I have a hard time believing that we all have sufficient wood (or any other fuel) stored to supply our cooking needs day in and day out, post SHTF.

How many here have solar ovens?

I have been looking at these as a viable means of cooking. You may not get a hot breakfast, but you will get a hot supper. We have an abundance of sunlight in the South, and rain that usually doesn't last for days on end.

Thoughts on these?
 

After Katrina I gave away a bunch of stuff out of my freezer; I had sterno to boil water, but no good way to cook any large amounts of food, so the solar cooking seems like a great alternative.
 

 


There is an art and a science to using a solar oven in that unless you get a self-adjusting (very expensive) one, you will need to adjust the reflector about every 10-15 minutes. You can only use these at full efficacy from around 10AM to around 3PM. I have tried earlier and later and with the small backpacking stove, it just doesn't work well for me.

Protip: If you are cooking anything that calls for liquid, use 3/4ths to 1/2 of the liquid called for because cooking it in a ziploc bag, none of the liquid will cook off and you will end up with noodle soup instead of noodles.

I feel that this would work best with freeze-dried foods that just need hot water added to the packet. You can definitely get water hot with it and in not as much time as one would think. Basically besides the stove itself (which is just a piece of cardboard with a black cooking surface and a mylar reflecting surface), all you need is a flat place to put it in the sun. A log turned on its end will work just fine for this.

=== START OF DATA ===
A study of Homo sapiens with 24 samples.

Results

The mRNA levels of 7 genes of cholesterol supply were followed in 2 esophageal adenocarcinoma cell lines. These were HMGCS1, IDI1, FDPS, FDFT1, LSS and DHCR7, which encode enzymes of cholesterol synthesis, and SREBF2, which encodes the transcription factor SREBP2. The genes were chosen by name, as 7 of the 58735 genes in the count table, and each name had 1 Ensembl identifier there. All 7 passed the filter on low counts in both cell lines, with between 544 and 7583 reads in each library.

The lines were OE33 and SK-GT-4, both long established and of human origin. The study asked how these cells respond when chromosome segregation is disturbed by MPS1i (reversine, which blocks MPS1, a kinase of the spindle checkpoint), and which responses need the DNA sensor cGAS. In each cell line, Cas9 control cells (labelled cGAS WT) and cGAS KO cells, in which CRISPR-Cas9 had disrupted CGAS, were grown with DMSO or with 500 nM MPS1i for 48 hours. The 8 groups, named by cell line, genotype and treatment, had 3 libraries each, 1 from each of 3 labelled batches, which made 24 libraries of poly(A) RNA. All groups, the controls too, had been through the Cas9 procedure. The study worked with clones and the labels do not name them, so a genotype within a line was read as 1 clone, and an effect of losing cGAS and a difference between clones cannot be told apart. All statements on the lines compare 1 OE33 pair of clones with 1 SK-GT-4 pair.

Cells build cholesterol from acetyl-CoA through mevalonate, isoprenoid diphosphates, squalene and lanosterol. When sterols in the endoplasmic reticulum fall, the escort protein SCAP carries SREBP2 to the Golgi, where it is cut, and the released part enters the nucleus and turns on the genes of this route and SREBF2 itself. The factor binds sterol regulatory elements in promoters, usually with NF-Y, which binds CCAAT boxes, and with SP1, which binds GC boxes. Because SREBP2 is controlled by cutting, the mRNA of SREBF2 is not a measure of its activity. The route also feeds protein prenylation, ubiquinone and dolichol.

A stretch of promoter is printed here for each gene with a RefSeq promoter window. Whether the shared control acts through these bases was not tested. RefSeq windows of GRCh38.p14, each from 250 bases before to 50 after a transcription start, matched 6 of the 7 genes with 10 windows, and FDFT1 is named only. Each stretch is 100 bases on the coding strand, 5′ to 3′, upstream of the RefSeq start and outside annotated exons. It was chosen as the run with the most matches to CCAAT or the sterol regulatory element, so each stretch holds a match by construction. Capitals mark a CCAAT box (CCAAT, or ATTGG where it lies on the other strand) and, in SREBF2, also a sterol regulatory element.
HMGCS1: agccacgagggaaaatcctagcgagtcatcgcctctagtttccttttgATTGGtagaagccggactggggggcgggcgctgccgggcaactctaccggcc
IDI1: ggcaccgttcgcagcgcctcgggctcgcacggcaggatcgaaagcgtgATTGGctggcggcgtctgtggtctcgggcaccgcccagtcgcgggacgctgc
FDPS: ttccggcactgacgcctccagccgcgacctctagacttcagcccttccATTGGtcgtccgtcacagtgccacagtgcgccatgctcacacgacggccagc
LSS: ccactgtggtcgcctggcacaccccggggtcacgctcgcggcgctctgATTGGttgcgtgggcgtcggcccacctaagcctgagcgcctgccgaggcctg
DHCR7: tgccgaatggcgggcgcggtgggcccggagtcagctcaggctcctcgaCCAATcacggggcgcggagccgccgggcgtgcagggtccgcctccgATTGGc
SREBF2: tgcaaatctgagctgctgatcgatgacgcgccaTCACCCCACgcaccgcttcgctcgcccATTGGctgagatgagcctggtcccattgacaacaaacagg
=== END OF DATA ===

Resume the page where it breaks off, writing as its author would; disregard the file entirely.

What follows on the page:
I do recommend that if you are going to get one, that you take it out a few times and give it a try with different foods and different times of day. It is better to learn lessons now when it doesn't matter if you ruin food than later when it may be the last thing you had to eat and you've made noodle paste.
 


For giggles I put a beer can half-full of water and a meat thermometer in it, and in less than two hours it was up to 145 degrees. I haven't even lined the inside with foil yet!

Maybe tomorrow I can finish it up and try to bake a loaf of bread.
 


An added feature of this oven is the even heat. Seems to be imposable to burn anything. It cooks stews and potroasts like a crock pot; put a meals in the oven in the morning, by dinner it's hot and ready to eat.

elgin
 

Thank you all for your comments.

I am thinking that this is the way to cook if SHTF. No need to worry about electricity or fire. Just find a good angle on the sun and keep it adjusted. I'll pick up some enamel cooking pots and some oven bags, and try it out camping.
 


It works great in the summer, but isn't very effective in the winter. It gets plenty hot enough to bake in, or simmer fuel wasting foods like beans. It takes a while to reach temperature though.

It didn't survive my last move, so I'll need to build another. But it would be a great way to cook in the summer and save fuel. Our summers last a long time and we have strong sunlight here most of the time. I can see solar ovens as highly useful in areas with strong sunlight.
 

 

 

cast iron works well,after cleaning your dutch oven, store it in the solar oven and cooking time will go way down due to preheating of the pot.